Jussie Smollett arrives on November 29, 2021, at the Leighton Criminal Courthouse for jury selection at his trial in Chicago.AP Photo/Charles Rex Arbogast
Jussie Smollett testified Monday at his criminal trial over accusations that he staged a hate crime against himself.
He said he previously did drugs and “made out” with one of the men authorities say he hired to attack him.Advertisement
Smollett has pleaded not guilty to the charges and has maintained that he was assaulted in 2019.
Jussie Smollett took the witness stand on Monday at his criminal trial over accusations that he staged a hate crime against himself to gain publicity, saying that he previously did drugs and “made out” at a bathhouse with one of the men authorities say he hired to attack him.
The 39-year-old ex-“Empire” actor testified in his own defense on day five of the high-profile trial in an attempt to demonstrate that he was actually a victim of a racist and homophobic attack in Chicago in the early morning hours of January 29, 2019.
Smollett, who is Black and openly gay, is standing trial at Chicago’s Leighton Criminal Courthouse on six counts of disorderly conduct for accusations that he falsely reported to police that he was the victim of an assault.
In 2019, Smollett told police he was jumped by two men in ski masks in downtown Chicago at around 2 a.m. who yelled racist and homophobic slurs and shouted a reference to then-President Donald Trump’s campaign slogan.
He also told investigators that the men doused him with bleach, put a noose around his neck and beat him.
But weeks after Smollett made the report, the Chicago Police Department announced that Smollett was being charged with felony disorderly conduct, accusing him of faking the attack in order to promote his career.
Smollett has pleaded not guilty to the charges and has maintained from day one that he was, in fact, assaulted.
Police said Smollett hired two brothers from Nigeria, Abimbola and Olabinjo Osundairo — who previously took the witness stand at the trial — and paid them $3,500 to stage the attack because he was dissatisfied with his salary on “Empire.”
Smollett said on the witness stand Monday that in 2017 he met Abimbola Osundairo at a club and found out he also worked on the “Empire” set, according to the Associated Press.
Smollett told jurors that he and Abimbola Osundairo did drugs together and went to a bathhouse in the Chicago neighborhood of Boystown where Smollett claimed they “made out,” the AP reported.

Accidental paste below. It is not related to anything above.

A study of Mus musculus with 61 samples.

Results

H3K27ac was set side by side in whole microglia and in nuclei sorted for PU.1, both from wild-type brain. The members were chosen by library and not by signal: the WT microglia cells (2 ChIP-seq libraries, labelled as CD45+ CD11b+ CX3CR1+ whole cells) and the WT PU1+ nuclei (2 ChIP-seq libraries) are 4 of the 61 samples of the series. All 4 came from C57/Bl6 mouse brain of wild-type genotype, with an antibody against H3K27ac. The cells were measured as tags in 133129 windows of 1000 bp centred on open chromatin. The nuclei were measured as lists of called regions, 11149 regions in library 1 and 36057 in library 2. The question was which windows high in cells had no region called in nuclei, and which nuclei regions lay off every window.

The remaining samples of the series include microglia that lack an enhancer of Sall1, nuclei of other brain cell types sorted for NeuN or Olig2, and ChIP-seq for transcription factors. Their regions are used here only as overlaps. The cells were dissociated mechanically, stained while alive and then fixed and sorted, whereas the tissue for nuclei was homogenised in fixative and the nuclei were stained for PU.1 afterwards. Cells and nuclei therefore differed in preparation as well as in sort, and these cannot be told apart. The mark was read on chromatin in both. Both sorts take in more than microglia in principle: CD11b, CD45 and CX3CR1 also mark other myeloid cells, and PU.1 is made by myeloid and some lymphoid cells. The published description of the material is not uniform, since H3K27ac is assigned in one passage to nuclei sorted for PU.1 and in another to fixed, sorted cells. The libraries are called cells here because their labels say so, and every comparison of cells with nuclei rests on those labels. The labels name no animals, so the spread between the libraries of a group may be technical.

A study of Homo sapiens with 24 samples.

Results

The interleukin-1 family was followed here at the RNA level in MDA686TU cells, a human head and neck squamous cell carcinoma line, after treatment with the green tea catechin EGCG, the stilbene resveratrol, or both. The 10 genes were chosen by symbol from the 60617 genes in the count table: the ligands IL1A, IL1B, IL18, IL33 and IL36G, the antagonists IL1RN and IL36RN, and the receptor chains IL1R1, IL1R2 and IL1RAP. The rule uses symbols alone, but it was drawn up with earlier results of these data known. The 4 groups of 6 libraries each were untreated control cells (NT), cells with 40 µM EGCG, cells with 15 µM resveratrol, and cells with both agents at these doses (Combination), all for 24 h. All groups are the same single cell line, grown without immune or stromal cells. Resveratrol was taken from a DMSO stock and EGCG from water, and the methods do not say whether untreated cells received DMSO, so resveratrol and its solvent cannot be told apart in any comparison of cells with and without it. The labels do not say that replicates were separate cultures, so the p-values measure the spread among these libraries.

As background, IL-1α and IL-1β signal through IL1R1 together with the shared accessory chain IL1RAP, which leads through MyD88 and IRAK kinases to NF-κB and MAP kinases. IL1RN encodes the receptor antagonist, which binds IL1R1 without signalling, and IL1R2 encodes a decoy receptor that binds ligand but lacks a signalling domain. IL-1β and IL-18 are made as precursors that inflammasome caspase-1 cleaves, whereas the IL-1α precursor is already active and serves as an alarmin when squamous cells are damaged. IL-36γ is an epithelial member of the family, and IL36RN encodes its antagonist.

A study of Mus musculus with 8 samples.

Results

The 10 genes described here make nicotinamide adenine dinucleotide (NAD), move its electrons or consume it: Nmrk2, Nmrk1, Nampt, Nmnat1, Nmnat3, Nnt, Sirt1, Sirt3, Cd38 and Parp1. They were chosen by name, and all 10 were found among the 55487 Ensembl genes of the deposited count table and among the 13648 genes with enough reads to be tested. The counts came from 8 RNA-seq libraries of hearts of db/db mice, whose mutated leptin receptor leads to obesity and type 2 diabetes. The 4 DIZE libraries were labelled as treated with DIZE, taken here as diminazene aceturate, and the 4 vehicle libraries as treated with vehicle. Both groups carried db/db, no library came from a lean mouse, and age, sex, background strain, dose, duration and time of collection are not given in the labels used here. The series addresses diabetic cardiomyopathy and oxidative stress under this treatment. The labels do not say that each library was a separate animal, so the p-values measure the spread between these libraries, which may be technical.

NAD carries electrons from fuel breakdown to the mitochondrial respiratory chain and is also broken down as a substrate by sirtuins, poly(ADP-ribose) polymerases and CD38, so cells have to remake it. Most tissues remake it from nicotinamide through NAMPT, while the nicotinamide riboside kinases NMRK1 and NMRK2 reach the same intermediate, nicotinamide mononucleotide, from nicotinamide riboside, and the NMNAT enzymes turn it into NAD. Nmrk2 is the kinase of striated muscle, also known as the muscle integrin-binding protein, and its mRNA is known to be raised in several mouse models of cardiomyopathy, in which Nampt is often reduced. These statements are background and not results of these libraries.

“I always have weed on me … well, not now,” Smollett testified, according to CBS Chicago. “And he [Abimbola Osundairo] had the cocaine.”
Smollett also testified that he wrote the $3,500 check for a nutrition and work-out plan — and not for payment to the Osundairo brothers to help stage an attack, the AP reported.
According to Smollett, Abimbola Osundairo told him about a herbal steroid for weight loss that was illegal in the US that Abimbola Osundairo said he could get Smollett “on the low” during a trip to Nigeria.
The Osundairo brothers each testified at the trial last week, explaining to jurors how Smollett compensated them and directed them to carry out the attack.
Abimbola Osundairo, who told jurors that he never had a sexual relationship with Smollett, testified that days before the 2019 incident, Smollett texted him about needing help “on the low” to stage the attack, the AP reported.
“He explained that he wanted me to fake beat him up,” Abimbola Osundairo testified, according to the Chicago Tribune. “He told me that we would need another person to fake beat him up and he mentioned could my brother do it? I said yes.”
Abimbola Osundairo told jurors that he agreed because he felt he owed something to Smollett for getting him a stand-in role on “Empire” and believed that Smollett could help with his acting career, according to the news outlet.
Smollett’s defense attorney’s have said that Smollett was a “real victim” of a “real crime,” that the Osundairo brothers made up a lie about Smollett staging the attack and that they asked Smollett for $1 million each to not testify against him at trial.